Thursday, March 4, 2010

Separate and Superior and Sly

I enjoyed last night's discussion of Alan Ball's All That I Will Ever Be immensely, came away with a much greater insight into the play, and convinced that ambitious, failed plays, as I think we all agreed this was, can be so much more worth discussing than successes like Douglas Carter Beane's The Little Dog Laughed (though entirely enjoyable on its own). Character and plot occupied us so thoroughly throughout the hour that we didn't get to the themes of the play, such as difference (which may answer the question why Omar is so socially inept and at thirty-five still a floor salesman at Circuit Guys). Nor did we have a chance to read out favorite lines, an activity that certainly would have occupied a good five or ten minutes. I'm going to do both of those with this post, quoting from Act 1, Scene 6, Dwight and Omar's second time together, when Omar extols sucking cock while denying he's gay:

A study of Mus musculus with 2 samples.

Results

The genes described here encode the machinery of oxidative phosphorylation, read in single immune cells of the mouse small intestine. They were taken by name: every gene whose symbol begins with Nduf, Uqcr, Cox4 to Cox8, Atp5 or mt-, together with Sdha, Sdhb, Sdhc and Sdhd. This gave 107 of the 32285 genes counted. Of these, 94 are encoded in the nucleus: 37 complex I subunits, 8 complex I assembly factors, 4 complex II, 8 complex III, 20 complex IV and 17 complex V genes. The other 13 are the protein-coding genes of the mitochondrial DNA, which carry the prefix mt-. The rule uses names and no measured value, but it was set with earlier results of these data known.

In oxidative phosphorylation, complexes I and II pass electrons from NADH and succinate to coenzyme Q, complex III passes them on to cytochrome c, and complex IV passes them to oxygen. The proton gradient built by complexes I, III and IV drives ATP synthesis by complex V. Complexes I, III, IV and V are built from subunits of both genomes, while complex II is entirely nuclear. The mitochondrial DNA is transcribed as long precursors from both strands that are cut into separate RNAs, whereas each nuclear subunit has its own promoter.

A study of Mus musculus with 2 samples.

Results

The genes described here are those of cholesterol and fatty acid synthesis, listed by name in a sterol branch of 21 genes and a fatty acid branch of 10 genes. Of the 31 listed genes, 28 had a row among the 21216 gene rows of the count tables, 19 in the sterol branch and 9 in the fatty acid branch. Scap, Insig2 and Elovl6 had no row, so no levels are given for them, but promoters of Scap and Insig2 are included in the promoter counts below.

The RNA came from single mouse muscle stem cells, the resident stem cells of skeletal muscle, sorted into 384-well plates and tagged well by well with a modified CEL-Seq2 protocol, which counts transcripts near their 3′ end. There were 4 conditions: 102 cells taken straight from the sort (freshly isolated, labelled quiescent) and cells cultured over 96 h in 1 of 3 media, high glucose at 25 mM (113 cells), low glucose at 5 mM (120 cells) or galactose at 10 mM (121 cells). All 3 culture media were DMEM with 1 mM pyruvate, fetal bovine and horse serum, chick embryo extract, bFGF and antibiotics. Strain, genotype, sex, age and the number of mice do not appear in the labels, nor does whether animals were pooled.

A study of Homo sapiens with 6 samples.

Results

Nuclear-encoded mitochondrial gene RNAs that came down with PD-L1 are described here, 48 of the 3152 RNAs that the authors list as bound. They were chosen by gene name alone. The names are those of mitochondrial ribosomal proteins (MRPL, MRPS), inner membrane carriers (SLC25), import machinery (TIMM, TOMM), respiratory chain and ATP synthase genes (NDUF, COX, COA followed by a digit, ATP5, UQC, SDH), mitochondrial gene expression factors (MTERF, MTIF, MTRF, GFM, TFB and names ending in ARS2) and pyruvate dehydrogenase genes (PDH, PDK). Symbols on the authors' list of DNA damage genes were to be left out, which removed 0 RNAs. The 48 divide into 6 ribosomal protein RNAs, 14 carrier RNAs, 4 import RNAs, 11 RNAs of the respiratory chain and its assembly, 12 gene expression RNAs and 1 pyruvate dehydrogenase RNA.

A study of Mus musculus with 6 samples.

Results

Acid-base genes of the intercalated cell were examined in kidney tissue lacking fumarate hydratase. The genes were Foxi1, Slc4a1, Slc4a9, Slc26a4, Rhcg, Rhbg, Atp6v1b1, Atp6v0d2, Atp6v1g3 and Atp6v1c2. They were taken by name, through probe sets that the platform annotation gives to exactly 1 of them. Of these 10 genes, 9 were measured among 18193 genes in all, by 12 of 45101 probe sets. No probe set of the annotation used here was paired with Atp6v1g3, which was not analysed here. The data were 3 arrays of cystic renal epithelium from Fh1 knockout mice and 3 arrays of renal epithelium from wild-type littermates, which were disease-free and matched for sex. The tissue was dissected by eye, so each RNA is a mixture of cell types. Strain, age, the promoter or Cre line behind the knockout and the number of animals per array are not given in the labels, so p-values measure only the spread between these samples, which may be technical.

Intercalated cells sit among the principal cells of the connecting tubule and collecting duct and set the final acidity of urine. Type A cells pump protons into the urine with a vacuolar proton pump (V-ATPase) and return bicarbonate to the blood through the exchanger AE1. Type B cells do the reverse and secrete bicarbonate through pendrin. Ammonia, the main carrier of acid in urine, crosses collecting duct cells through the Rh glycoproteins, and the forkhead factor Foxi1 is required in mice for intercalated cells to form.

DWIGHT. (Baffled.) So what makes one gay, then, if it's not enjoying sex with members of the same sex?
OMAR. (A distasteful face.) It's not sex. It's an energy, an uptightness, a closed-offness. A feeling of being separate and superior and sly. Of always being on the lookout, searching for bodies, for youth, for cocks, that can be taken and consumed and then cast aside like refugees [like Omar!] that nobody cares if they live or die.

Whether this applies only to a tiny segment of our community or even speaks merely to Omar's view of that tiny segment, I find this very provocative. I've never been so alive to the possibility of someone's being authentically homo/bisexual but not gay.